Negotiating a Franchise Agreement
When I was selling (DIGIKIDS®), prospective franchisees would sometimes ask that I change a requirement or provision in the franchise agreement.
Before I got into the reasons for the requirement, I always asked if they wanted me to remove or change it for all franchisees.
After thinking about it, this was almost always met with a no. Why? They realized that they wanted other franchisees in the system to follow the very requirement they were asking me to remove which, of course, didn't make sense.
Franchise agreements are technically an agreement between you and the franchisor. But unlike other single party agreements, theyt affect you, the franchisor and all the other franchisees in the system. This is why it is always better to use a franchise attorney (one whose primary practice is franchising) to review your agreement.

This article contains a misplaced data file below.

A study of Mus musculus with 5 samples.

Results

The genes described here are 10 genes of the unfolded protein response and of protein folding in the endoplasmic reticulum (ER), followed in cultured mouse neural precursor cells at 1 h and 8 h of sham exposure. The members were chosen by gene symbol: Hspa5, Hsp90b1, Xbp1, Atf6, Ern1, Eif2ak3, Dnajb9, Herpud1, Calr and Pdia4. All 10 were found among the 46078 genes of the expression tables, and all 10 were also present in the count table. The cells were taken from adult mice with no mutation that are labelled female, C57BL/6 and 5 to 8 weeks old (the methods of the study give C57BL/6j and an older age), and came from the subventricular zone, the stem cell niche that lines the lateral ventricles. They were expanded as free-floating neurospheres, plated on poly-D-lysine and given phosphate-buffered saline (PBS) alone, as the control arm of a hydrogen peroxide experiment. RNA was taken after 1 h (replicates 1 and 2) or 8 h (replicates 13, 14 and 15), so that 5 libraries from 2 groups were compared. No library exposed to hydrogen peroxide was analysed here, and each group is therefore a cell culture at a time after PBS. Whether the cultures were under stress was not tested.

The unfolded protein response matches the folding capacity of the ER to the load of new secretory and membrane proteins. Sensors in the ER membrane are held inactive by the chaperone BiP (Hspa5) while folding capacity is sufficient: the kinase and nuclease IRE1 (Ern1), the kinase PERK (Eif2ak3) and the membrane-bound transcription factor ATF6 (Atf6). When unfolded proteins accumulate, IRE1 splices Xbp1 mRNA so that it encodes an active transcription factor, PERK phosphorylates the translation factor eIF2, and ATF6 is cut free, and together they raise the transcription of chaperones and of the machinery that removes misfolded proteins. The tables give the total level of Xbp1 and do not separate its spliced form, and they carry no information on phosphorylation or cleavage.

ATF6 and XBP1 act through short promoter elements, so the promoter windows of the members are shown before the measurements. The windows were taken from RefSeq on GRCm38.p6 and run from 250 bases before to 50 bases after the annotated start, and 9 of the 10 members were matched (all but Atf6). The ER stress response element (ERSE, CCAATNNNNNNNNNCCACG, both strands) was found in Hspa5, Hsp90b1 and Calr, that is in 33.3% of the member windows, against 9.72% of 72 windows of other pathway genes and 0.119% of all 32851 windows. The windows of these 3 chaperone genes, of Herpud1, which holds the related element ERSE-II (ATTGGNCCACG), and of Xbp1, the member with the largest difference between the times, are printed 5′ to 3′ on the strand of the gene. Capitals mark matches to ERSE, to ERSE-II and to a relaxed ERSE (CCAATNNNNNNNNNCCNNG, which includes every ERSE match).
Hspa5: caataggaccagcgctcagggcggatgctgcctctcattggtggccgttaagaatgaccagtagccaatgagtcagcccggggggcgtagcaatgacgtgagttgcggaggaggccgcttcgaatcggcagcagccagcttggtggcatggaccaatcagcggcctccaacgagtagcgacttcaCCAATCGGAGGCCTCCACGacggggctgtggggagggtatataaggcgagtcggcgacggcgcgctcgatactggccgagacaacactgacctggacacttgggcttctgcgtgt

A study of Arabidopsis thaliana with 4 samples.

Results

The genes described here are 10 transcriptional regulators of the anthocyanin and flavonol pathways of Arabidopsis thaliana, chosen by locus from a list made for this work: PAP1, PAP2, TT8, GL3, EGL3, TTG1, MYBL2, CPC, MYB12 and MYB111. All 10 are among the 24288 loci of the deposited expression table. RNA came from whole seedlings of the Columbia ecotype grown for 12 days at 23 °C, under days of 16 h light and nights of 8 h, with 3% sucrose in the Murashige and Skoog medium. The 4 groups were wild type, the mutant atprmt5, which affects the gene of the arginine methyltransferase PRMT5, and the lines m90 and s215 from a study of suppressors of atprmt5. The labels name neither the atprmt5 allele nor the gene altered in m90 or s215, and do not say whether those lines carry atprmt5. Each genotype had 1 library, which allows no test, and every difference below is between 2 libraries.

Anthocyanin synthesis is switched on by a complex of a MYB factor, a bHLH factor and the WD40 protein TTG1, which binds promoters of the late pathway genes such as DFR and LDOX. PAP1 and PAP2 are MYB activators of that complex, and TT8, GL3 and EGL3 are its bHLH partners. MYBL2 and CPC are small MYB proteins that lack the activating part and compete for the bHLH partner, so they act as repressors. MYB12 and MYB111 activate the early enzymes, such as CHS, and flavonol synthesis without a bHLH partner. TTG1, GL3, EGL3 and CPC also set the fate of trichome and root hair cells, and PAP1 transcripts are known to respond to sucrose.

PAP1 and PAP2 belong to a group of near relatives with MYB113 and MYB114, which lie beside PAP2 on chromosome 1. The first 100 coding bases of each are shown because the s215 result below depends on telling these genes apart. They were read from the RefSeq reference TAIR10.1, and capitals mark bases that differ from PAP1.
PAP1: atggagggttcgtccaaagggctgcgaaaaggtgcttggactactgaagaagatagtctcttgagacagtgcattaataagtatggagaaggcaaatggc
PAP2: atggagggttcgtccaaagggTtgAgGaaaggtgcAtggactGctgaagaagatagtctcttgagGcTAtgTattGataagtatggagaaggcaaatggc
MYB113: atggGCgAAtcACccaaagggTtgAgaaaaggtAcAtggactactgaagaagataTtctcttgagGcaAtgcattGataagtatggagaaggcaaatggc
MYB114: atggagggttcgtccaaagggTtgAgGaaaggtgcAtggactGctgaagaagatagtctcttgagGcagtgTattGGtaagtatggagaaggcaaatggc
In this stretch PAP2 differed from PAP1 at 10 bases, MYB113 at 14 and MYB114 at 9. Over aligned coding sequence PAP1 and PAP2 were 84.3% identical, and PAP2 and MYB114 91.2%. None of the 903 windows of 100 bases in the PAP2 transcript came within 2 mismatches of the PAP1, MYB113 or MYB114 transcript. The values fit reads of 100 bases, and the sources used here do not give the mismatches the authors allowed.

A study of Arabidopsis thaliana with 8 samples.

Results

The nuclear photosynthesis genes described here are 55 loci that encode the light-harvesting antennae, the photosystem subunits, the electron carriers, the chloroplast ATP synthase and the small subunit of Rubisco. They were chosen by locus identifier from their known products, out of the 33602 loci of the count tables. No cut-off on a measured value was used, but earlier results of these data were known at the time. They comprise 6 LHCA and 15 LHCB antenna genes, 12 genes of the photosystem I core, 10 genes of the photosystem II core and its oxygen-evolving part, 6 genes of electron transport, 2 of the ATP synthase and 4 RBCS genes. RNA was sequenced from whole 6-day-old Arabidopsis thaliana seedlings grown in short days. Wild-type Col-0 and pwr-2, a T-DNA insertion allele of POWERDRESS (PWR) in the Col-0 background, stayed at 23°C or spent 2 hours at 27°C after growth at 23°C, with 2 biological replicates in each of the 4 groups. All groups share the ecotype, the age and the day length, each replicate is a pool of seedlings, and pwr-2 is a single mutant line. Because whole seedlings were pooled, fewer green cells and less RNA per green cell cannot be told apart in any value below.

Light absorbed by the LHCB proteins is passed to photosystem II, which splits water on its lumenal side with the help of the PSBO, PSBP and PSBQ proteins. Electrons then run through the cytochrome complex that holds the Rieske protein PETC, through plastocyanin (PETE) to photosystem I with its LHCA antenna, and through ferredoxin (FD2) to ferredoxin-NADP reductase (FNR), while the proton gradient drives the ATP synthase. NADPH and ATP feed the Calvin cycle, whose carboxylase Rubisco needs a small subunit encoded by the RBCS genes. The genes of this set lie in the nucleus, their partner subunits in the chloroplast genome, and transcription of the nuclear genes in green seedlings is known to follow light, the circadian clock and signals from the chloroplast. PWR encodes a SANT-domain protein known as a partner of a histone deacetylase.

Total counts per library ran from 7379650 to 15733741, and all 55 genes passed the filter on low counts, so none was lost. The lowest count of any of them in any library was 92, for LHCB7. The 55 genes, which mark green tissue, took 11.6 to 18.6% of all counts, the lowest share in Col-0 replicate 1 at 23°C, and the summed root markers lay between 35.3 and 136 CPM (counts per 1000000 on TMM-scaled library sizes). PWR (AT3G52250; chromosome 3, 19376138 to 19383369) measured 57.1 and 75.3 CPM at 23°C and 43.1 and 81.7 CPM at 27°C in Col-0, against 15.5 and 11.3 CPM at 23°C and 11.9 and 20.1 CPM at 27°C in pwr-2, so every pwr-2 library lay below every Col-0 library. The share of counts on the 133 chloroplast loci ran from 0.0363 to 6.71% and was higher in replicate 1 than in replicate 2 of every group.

With a well thought out franchise system, things you are required to do in the contract are there to protect everyone, including you. Some are there to assure a minimum level of profit for the franchisor.
The requirements can sometimes seem one-sided or harsh, and this is probably obvious, but you want your fellow franchisees to follow the rules (as they do you) and your franchisor to stay in business.
That’s not to say there aren't things that might be unfair or impossible to comply with, sometimes there are. If you can’t get them changed or explained better in an addendum, you probably want to move on.
Be careful though if a franchisor is willing to make changes that affect the integrity of the entire system or worse, dilute the value of existing franchise agreements such as a reduced initial franchise fee or “2 for 1” deal.
New or startup franchise systems are another story.
If you are thinking about being one of the first in a system, you will probably want some concessions to offset the higher risk. Larger territories, lower royalties, term and renewal provisions are just a few of the items that are negotiable.